From the grandson of Sigmund Freud and one of the most important figurative painters of the 20th and 21st centuries, we’re offered a rare glimpse at the powerful British lawyer, Lord Goodman—famously monikered “Two Dinners Goodman”—wearing only his pajamas. Though Freud notoriously rejected commissions and had all of his sitters report to his home, Goodman would only allot time to be sketched while reading his morning newspaper, thus breaking Freud’s rule. In another exception, this portrait of Goodman is the only etching by Freud to incorporate color—all the rest were strictly black and white.
Remember the Rheingold Beer girls
? From 1940 through 1965, the famous New York beer company held an annual pageant to elect “Miss Rheingold”, who would be featured prominently in their advertisements throughout the year. “The selection of Miss Rheingold was as highly anticipated as the race for the White House,” the company maintains. It couldn’t have taken long, then, for Pop artist Allan D’Arcangelo—forever on the pulse of American cultural myths—to incorporate the girls’ likeness into his simplified, flat paintings. Along with his faceless Madonna and Child
or paper doll portrait of Marilyn Monroe, “These paintings show Mr. D’Arcangelo running neck-and-neck with Andy Warhol
,” as the New York Times wrote
She’s one of Catherine Opie’s most memorable sitters. You may recall her face from Crown of Thorns
(or rather crown of needles) the portrait photographed backstage at a characteristically bloody Ron Athey performance in Mexico City in ’95. Or more recently, mid-kiss with performance artist Julie Tolentino
, as blood drips from their lips. As a long-time subject of Opie, Pig Pen is among the lovers and friends the artist has documented for years—and this ’94 studio portrait looks back at beginnings for both the artist and subject, friends since their early days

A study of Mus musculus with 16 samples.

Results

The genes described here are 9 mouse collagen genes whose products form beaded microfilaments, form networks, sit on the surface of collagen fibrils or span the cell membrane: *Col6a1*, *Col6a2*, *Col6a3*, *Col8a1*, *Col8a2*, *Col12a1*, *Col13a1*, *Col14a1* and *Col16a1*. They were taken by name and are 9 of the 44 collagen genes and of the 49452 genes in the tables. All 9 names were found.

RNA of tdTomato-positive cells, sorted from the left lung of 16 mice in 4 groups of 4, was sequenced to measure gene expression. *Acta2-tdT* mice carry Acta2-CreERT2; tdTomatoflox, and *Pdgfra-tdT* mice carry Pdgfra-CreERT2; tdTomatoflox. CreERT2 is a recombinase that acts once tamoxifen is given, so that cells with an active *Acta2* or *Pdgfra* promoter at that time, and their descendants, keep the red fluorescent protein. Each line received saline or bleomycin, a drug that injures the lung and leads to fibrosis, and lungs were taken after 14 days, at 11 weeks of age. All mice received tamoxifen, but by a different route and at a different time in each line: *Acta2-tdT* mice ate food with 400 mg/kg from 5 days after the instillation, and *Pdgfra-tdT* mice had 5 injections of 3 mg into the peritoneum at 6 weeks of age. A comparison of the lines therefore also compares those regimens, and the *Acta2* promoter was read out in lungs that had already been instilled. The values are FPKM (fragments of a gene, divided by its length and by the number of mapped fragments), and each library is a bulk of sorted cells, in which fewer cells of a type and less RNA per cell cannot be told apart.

in the San Francisco lesbian community.
For 18 days, the American writer James Lord sat for his friend Alberto Giacometti, who painstakingly painted his portrait in oil—and this drawing represents the preparatory sketch. The year was 1964, though the pair had first met in Paris in 1952, and since then Lord had kept journals around Giacometti—including recordings made during these sittings that would later become an artist biography, A Giacometti Portrait
. Describing the sittings, Lord quoted
Giacometti: “You look like a real thug. If I could paint you as I see you and a policeman saw the picture he’d arrest you immediately!” and quickly followed with, “Don’t laugh. I’m not supposed to make my models laugh.”
Also of interest: The gallery is showing an extremely rare marble sculpture by Jean Arp, seldom seen at such scale; a George Minne sculpture (one of only two wooden versions of the subject—the other belongs to the collection of the Musées Royaux des Beaux-Arts, Brussels); a Malcolm Morley landscape, executed after the artist’s first trip back to his native England in over 15 years; and works by Jay DeFeo, proudly announcing the gallery’s new representation of the DeFeo estate.